In light of the recent Tax and Transfer Review by the Federal Government, lobbying interests are moving to reduce capital gains taxes.
The term “capital gain” contains a deliberate contradiction: real capital doesn’t gain.
Capital, as defined by the classical economists, is a product of human effort. Land is not; its supply is fixed. When the effective demand for land increases - because population grows, or because people have more money to spend, or because public investment in infrastructure makes people willing to pay more for land in the serviced locations - there can be no compensating increase in supply; therefore, in the long term, land increases in value. But if capital increases in value for any reason, the increase induces production of more capital, which competes with the existing capital, causing values to fall again.
Therefore any gain in the value of capital is temporary; in the long term, capital depreciates due to wear-and-tear and obsolescence. An exception arises when the owners of capital are given some sort of protection from competition, like that which nature gives to the owners of land - but in that case the “capital” has been stripped of its defining economic property and has become, for economic purpose, land-like.
It follows that a so-called “capital gains tax” falls preferentially on land and land-like assets, not on true capital. So why does official terminology pretend that it is a tax on capital? To make it look bad.
Taxes on capital, including taxes on income from capital, deter the production of capital and are therefore economically destructive. But taxes on values of land, including taxes on increases in land values, cannot deter production of land, because there is no such production. Neither can they deter the productive use of land; on the contrary, by increasing the attractiveness of current income relative to accrued increases in value, they encourage owners to use their land productively (or sell it to someone who will) instead of simply holding it and waiting for its value to rise.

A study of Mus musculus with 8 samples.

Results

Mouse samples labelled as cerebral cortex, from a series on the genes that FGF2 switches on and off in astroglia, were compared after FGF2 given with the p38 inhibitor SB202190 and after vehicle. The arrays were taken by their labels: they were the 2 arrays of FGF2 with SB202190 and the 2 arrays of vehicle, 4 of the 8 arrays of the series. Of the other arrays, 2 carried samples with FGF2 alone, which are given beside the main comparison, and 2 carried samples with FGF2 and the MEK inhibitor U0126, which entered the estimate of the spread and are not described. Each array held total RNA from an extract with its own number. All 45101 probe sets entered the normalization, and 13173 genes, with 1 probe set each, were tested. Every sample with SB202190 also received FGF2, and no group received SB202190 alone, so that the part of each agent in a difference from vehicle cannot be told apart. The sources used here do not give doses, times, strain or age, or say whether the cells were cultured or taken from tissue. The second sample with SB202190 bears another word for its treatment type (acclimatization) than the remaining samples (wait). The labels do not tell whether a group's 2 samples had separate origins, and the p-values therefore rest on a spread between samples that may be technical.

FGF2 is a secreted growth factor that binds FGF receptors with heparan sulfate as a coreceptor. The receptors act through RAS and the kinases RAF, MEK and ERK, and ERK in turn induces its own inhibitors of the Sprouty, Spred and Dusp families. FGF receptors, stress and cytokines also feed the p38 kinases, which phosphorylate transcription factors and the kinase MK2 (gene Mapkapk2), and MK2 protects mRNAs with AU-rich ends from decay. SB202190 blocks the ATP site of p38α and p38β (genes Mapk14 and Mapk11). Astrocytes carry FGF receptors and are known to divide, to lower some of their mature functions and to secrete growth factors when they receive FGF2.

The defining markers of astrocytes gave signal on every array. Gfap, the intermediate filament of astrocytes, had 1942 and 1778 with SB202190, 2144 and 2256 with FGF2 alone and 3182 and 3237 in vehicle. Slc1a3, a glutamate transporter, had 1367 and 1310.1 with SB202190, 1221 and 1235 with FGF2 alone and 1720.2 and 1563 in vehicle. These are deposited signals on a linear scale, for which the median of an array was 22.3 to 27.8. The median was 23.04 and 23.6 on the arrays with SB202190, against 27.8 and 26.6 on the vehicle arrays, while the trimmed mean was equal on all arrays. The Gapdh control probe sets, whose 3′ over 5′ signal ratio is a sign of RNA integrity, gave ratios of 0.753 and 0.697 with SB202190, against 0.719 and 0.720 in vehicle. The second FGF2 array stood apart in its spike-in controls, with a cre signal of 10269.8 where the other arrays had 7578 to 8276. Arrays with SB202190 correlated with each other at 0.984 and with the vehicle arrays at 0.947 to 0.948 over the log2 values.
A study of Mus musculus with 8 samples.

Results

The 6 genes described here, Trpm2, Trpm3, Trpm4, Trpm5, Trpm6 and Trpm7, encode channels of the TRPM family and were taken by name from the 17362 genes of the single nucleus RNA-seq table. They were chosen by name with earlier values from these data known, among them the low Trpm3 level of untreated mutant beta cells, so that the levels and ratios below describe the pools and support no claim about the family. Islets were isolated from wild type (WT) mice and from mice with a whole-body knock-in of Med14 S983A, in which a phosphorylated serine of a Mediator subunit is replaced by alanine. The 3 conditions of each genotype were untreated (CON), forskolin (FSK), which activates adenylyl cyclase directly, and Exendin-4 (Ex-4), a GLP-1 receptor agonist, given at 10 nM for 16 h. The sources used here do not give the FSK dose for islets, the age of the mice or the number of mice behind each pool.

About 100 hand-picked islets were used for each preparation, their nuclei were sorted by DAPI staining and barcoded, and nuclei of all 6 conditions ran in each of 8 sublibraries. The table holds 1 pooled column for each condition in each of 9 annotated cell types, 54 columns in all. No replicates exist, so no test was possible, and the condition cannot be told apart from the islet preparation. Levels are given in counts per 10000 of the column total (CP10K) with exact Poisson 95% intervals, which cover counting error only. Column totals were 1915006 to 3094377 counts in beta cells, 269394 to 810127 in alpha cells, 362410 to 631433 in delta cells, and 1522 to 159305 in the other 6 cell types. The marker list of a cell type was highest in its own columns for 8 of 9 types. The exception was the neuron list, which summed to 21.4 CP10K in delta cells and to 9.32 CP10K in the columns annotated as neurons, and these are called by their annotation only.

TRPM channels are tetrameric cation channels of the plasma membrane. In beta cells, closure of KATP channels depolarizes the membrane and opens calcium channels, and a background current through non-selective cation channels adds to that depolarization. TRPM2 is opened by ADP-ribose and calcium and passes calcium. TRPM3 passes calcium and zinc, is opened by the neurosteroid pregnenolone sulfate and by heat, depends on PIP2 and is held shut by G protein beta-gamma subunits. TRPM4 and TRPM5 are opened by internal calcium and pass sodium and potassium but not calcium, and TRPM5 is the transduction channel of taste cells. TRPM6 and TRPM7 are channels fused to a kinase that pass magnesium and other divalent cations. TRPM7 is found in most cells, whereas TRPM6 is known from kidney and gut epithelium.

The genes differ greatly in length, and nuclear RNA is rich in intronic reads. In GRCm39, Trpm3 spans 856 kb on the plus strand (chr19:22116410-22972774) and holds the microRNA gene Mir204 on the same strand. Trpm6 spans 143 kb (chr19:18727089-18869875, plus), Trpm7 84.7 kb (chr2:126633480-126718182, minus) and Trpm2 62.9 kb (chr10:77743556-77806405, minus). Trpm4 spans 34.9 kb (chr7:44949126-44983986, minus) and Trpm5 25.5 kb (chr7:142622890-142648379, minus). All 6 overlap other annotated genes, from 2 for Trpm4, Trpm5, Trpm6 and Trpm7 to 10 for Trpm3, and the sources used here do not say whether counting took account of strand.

Therefore if governments want to encourage work and productive investment rather than parasitic speculation, they should:
- cut taxes on income from labour;
- cut taxes on capital, including those on income from capital; and
- raise taxes on values of land and land-like assets, including those on increases in asset values.
But of course these prescriptions are unacceptable to those who have grown rich by speculating on increases in asset values. So they obfuscate the issue by calling such increases “capital gains”, thus implying that any tax on them is a tax on capital!
Because rational policy calls for “capital gains” to be taxed more heavily than current income, the obvious response for the speculators would have been to demand that both be taxed at the same rate. Such “equal treatment” has a superficial appearance of fairness, especially to those who support income taxation in principle, and is compatible with the Haig-Simons definition of income, namely consumption plus the change in wealth.
But that wasn’t good enough for the speculators. They wanted “capital gains” to be taxed at a lower rate than current income, including labour income. Their argument had three parts. First, capital creates jobs. Never mind that all capital is produced directly or indirectly by labour, or that workers create their wages out of the marginal product of their labour (otherwise it wouldn’t be economic to employ them). And never mind that “capital gains tax” doesn’t actually target capital.
Second, because assets are purchased out of after-tax income, taxing any gain in values of those assets is double taxation. Never mind that those who complain about full taxation of “capital gains” also demand full deductibility of depreciation. And never mind that if taxation of current income and “capital gains” really were double taxation, one could solve the problem by retaining the tax on “capital gains” and abolishing the one on current income!